States Should Establish Their Vision for Career Technical Education now in Preparation for Perkins Reauthorization

Written by Vivayic
Last month, I attended the Western Pathways Conference in Salt Lake City. It was another tremendous event organized by Dr. William Simmon. At the conference, I helped facilitate discussion sessions for state career technical education (CTE) leaders in attendance. As part of those discussions, I shared a blueprint (see the link below) for how states might plan and execute a process to develop a statewide vision for CTE that could inform the development of new state plans required under the anticipated reauthorization of the federal Perkins Act.

We’d like to share some perspective of the importance of engaging stakeholders in a process to develop a statewide vision for CTE.

CTE is being looked to as a major contributor to states’ workforce development solutions. And, because of this, state-level officials and their teams are being invited and challenged to support efforts beyond what was typically expected in the past. State leaders in CTE are being asked to position CTE programs to meet their state’s education, workforce, and economic development priorities.

Furthermore, state CTE leaders are expected to engage with industry organizations and businesses to stay connected with the real demands and needed skills in today’s marketplace. These leaders must use these connections to help shift the perceptions around skilled professions so that local programming reflects today’s working environments and career opportunities.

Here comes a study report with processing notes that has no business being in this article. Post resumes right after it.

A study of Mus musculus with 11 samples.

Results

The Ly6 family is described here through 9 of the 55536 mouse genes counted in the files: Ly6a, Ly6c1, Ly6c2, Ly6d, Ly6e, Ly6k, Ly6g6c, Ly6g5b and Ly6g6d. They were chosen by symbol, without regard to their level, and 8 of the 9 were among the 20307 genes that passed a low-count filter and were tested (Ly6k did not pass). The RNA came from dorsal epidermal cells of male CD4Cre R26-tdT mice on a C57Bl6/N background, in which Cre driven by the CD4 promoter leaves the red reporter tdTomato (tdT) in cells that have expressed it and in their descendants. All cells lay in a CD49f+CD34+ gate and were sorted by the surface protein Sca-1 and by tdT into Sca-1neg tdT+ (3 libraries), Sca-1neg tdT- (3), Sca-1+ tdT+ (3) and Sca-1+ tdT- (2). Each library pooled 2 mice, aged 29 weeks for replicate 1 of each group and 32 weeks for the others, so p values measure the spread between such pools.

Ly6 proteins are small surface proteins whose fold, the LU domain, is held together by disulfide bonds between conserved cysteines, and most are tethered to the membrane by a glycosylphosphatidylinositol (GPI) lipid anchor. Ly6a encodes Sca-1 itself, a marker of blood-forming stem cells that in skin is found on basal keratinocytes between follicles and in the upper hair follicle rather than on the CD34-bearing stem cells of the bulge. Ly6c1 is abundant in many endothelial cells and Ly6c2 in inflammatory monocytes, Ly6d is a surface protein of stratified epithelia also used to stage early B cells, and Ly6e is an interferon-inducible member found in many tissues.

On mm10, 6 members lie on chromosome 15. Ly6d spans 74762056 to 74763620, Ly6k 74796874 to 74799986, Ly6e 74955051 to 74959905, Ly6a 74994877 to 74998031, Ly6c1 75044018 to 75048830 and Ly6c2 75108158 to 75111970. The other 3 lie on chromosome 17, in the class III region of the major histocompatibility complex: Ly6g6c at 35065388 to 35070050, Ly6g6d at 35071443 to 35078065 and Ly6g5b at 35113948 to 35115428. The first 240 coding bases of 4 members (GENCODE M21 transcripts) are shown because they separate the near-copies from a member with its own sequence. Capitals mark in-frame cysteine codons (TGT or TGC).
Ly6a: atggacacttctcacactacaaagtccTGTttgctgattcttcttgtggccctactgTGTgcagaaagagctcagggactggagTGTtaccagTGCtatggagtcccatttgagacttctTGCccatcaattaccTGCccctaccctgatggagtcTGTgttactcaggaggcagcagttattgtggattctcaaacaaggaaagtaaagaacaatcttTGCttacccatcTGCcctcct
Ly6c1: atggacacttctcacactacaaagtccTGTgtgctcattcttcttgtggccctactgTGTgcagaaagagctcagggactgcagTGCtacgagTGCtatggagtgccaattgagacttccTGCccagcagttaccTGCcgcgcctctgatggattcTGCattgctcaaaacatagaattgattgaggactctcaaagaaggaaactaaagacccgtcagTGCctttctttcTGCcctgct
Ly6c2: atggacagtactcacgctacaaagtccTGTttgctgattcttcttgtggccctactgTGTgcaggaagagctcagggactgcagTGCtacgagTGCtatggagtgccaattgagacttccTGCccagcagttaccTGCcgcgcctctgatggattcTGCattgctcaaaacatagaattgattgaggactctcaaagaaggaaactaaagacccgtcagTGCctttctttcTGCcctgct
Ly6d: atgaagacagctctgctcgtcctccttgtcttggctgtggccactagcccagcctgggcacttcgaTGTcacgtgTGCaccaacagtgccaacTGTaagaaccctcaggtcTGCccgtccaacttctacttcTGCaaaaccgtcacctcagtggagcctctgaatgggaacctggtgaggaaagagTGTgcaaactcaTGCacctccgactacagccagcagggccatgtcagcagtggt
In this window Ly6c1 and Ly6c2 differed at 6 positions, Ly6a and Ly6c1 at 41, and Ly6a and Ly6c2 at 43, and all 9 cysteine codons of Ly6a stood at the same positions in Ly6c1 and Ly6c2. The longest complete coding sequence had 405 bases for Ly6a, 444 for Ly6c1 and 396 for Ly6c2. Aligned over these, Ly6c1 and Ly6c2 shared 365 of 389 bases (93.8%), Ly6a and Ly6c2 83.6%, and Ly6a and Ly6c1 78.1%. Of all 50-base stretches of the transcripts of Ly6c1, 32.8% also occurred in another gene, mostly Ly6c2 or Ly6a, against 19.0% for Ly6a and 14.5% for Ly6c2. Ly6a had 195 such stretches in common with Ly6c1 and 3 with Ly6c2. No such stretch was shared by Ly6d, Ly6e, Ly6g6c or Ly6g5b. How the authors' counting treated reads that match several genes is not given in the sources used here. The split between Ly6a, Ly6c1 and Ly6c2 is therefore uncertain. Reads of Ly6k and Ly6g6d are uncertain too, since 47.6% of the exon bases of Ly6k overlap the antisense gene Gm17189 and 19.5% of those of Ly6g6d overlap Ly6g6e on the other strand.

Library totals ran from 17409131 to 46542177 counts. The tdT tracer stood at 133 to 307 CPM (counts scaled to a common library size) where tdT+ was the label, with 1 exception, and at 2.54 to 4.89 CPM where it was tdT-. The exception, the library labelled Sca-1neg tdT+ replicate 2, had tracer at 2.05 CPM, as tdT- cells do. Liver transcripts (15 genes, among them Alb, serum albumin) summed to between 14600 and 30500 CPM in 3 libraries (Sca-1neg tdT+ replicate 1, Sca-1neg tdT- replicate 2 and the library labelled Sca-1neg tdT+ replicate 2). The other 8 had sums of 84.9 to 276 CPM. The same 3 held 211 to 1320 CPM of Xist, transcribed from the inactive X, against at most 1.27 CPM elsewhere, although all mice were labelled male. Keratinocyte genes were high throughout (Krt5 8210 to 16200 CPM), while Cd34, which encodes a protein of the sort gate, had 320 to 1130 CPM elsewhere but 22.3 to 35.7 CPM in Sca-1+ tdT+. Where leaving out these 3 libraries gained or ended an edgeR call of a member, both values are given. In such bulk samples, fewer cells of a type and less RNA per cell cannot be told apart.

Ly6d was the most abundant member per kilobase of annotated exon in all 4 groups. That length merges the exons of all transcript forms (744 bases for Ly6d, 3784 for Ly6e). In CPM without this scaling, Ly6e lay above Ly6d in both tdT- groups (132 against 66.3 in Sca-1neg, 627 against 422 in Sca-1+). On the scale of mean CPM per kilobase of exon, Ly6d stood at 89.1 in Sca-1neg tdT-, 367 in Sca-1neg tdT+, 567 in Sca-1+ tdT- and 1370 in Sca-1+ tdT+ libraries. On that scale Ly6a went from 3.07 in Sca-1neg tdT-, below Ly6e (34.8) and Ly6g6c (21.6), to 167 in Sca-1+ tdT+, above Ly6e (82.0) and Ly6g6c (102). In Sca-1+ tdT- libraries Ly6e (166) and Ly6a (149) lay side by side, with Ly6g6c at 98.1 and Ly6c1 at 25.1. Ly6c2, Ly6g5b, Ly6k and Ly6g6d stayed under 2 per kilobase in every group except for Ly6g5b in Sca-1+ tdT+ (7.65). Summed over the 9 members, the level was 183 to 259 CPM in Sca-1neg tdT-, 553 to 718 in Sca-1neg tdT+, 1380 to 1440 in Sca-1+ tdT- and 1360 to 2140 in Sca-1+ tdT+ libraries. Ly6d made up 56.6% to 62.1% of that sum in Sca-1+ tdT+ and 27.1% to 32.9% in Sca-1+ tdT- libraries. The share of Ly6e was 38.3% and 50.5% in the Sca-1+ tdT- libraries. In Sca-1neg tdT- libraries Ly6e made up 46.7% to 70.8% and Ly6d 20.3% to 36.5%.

This is a lot to ask. And, it can’t be done in a vacuum.

States Should Establish Their Vision for Career Technical Education now in Preparation for Perkins ReauthorizationTo be effective, state CTE leaders need to convene these key stakeholders and drive a discussion that reveals their needs and priorities. Then, these leaders need to purposefully work to create a shared vision that engages, excites, and empowers stakeholders while maximizing available CTE funding and policy levers to affect meaningful outcomes.

If you wait until guidance for the new state plan is released, you won’t have time to conduct this process in any meaningful way.

In short, you need the vision first so that the critical needs, broad principles, and bold, innovative ideas are identified and agreed upon.

Your state Perkins plan, then, becomes a plan to leverage federal investment in CTE to carry out part of the vision. And, if the vision is inclusive and engaging, it may also influence the priorities and funding of workforce development, economic development, and other groups in your state so that resources can be leveraged to have a multiplier effect.

In addition to these short-term outcomes, we have a deeper purpose in promoting the statewide visions: greater impact on young people and communities. The long-term benefit of engaging stakeholders in developing a meaningful vision for CTE is that more young people will acquire foundational skills valued in the marketplace. More students will recognize that they can pursue in-demand careers that are personally satisfying as they step away from high school, new professionals in the workforce will be better prepared for the technical and social requirements of their employers, and learners of all ages will look for opportunities to continuously advance their learning and abilities to adapt as technology evolves.

Perkins may be reauthorized soon which means new guidance for state plans will follow thereafter. The next few months are a prime opportunity for states to begin the discussions with stakeholders around what could be and should be in your state.

We hope the blueprint we’ve developed is a useful tool. If you’d like to discuss further, please don’t hesitate to contact me.